Thursday, November 30, 2006

Potluck from the parsha

Reviewing this week's parsha, some things caught my eye, but generally as the source of questions rather than the souce of any real insights. So what follows is a sort of potluck from the parsha.

First, a couple of bloggers have questioned Jacob's reputation for being a simple, honest man, given all the scheming and trickery he is involved in throughout Bereshit. He persuades Esau to trade his birthright for a meal; he disguises himself to fool Isaac and gain the blessings Isaac meant for Esau; his entire relationship with Laban is fraught with trickery on both sides. And those are simply the intrigues in which he is one of the prime players. In this parsha we have the business of Rachel trading mandrakes for a conjugal visit, and Rachel stealing her father's idols; later on we get to the business of Schechem and the sale of Joseph to the Ishmaelites, and even further out the schemes which Joseph uses to test his brothers; in all of these Jacob is either unknowing victim or an unaware particpant or a simple bystander. One is reminded of Dynasty and The Young and the Restless. But in thorough fairness to Jacob, the only trickery he actually initiates is really a counteroffensive, to gain what is his due from Laban. He forthrightly trades Esau, without any hint of fraud or force (all Esau had to do was go on a little further to the main encampment to find other food); the scheming to gain the blessings is started and planned out by Rebecca, with the end of fulfilling the prophecy she heard when she was pregnant with the twins, with Jacob definitely being the junior member of the team. He is tricked into marrying Leah by Laban, who is far more of a trickster and con artist than Jacob would ever want to be. He gets his due from Laban at the end of his term of service not by actually tricking Laban but by using what can be described on one level as folk magic (how it is described on other levels I'll get to further on), and it's merely defensive trickery, to ensure that Laban can get no excuse to accuse of him any negligence or theft, or otherwise cheat him. The rest of the time, he is forthright and straightforward in his dealings.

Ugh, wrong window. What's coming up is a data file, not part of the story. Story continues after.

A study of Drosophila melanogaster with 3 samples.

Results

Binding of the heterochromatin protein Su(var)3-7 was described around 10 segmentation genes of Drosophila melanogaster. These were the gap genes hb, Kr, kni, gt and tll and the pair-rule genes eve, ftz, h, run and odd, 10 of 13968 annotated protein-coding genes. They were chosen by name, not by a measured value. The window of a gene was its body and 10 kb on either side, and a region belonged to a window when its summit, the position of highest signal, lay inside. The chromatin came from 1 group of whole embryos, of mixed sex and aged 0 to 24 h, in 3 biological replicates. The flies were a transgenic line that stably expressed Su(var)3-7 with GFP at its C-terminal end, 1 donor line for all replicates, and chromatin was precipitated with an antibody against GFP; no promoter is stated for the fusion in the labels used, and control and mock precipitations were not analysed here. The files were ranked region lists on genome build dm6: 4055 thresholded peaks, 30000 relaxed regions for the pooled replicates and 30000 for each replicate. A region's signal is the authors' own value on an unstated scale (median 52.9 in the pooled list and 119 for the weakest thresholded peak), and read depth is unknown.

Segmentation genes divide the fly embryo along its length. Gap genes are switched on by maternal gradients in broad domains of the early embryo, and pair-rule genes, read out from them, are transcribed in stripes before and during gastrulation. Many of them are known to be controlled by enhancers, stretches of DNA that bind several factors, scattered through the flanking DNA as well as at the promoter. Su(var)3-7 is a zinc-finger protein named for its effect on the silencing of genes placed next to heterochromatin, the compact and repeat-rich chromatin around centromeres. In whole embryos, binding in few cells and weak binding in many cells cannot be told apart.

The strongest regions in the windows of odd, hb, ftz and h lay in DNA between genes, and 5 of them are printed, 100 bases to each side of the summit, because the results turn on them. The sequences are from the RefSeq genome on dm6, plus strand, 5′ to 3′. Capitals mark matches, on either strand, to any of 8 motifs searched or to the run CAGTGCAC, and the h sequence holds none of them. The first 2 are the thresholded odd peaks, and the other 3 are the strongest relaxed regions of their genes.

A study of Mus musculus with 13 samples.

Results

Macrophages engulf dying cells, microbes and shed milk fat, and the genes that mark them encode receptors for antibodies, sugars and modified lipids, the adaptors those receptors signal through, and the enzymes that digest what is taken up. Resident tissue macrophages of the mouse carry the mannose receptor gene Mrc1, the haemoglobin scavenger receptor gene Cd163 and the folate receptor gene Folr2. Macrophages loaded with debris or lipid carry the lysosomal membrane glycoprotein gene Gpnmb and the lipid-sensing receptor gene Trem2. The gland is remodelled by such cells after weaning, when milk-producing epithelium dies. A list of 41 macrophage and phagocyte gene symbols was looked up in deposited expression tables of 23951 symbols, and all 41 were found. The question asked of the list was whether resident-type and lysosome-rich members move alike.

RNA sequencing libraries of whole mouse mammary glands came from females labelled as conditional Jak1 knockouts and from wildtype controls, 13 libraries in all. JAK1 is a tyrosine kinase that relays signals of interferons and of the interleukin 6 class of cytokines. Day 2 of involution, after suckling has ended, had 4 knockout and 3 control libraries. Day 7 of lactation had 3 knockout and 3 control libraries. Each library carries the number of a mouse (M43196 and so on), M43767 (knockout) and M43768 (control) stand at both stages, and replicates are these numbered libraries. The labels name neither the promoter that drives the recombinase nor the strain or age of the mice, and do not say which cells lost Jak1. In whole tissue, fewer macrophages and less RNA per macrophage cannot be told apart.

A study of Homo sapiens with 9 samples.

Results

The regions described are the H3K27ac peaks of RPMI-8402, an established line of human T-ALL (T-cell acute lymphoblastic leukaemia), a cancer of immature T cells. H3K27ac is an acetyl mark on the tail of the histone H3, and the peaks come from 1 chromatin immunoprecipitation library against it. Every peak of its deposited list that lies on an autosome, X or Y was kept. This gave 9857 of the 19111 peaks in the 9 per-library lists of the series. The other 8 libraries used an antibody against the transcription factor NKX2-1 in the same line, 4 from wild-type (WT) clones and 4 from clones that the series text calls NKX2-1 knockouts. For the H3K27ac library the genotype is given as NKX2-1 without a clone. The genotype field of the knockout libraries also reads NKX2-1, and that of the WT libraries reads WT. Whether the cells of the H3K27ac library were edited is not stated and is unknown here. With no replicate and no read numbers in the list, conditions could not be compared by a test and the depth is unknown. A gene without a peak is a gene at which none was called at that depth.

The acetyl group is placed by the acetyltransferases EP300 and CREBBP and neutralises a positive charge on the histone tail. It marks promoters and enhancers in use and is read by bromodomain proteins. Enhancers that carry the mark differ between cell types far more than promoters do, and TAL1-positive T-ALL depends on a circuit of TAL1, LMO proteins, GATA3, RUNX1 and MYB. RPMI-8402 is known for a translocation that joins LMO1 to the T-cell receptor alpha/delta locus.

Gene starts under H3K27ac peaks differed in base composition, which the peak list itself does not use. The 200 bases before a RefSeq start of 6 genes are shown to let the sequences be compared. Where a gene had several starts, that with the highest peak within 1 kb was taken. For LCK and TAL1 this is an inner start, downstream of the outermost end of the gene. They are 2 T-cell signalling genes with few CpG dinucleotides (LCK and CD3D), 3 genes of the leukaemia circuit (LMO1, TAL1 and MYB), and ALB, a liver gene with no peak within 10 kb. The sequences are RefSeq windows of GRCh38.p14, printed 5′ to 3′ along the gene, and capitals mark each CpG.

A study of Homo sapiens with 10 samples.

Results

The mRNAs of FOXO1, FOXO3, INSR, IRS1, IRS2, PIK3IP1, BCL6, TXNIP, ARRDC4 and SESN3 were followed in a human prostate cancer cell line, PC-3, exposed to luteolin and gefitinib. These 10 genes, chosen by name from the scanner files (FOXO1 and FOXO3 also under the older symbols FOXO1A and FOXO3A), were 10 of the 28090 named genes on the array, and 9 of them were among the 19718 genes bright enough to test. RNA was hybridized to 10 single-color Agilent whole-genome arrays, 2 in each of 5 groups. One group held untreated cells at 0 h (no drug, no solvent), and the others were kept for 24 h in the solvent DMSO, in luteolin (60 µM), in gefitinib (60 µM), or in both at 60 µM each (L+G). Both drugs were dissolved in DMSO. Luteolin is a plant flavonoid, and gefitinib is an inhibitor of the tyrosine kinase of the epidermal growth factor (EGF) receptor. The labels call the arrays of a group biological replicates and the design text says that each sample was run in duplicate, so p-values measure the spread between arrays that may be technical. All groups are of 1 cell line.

Second, the Zohar on this parshah several times sees fit to bring the same interpretation as Rashi; either Rashi wrote with the Zohar in front of him, or was learned in the sources on which the Zohar also drew. (Or at least that Moses De Leon wrote the Zohar with Rashi in front of him, if you believe De Leon wrote the Zohar.) But it is interesting--whether you believe the Zohar was pseudipigrapha of medieval origin or the real product of a Talmudic school--that it should choose to make the same points, in almost the same language, as Rashi.

Third, the Zohar sees the business of the striped rods which Jacob utilizes to maximize the sheep assigned to him as an exercise in what Buddhism terms "skillful means". It explains Jacob as manipulating the Forces of Severity by mitigating them with the Forces of Mercy--the mitigation being represented by the peeling of the rods.

Fourth, Rachel gets all the romance, because Jacob falls in love with her at first sight and in true romantic fashion experiences the seven years of waiting as a short time, and she gets all the sympathy because she dies prematurely, but it is Leah who is the Griselda of Bereshit. The fact of her fecundity is specifically linked by the parshah to Jacob's preference for Rachel. The loved wife is barren; the "hated" wife is fertile. [Hertz points out the translation "hated" is misleading. The text really says only that Leah was not as well liked by Jacob as Rachel.] And time and again, Leah sees each new son as a way to gain Jacob's love, in an almost pathetic refrain of "Now he'll love me!" And later on she is reduced to trading mandrakes for a conjugal visit.

Fifth, the last verse of the Parsha--"and he called the place "Two Camps"--is rather vague. Rashi says that the two camps are the two bands of angels who escorted him, one group going with him from Haran to Eretz Yisrael, then handing him over to the angels who guarded him in Eretz Yisrael itself. Hertz mundanely refers it to Yaakov's camp and Laban's camp, despite the fact that the text seems to indicate that Laban had already left by this point. The Zohar offers a combination of the two: one camp belongs to the ministering angels who met him as he entered Eretz Yisrael, and the other is Yaakov's one--the Zohar does not mention any angels who accompanied him from Haran.
But the text can be read in a more recondite manner. The word translated as "the place" is ha-makom. HaMakom is a term used by Chazal to refer to G-d, often rendered into English as the Omnipresent or the Almighty. ("He has no place, but He is the place of the universe'.) Does this mean that Jacob is calling G-d "Two Camps"?I have no explanation to offer as to what this might mean, although I suspect that it takes place on the borders of Eretz Yisrael has some bearing on the matter.

1 comment:

Ariella said...

It would be interesting to do a study of Leah. There probably is far more depth to her, for she is, after all, one of the Imahos. While she hoped every son would make her husband love her more, she willed the seventh child to be a girl so that her sister would have the opportunity to have at least 2 sons of her own. So she wasn't only concerned with her husband. Also the dudaim trade was suggested by Rachel. Leah was actually rewarded with another child for it.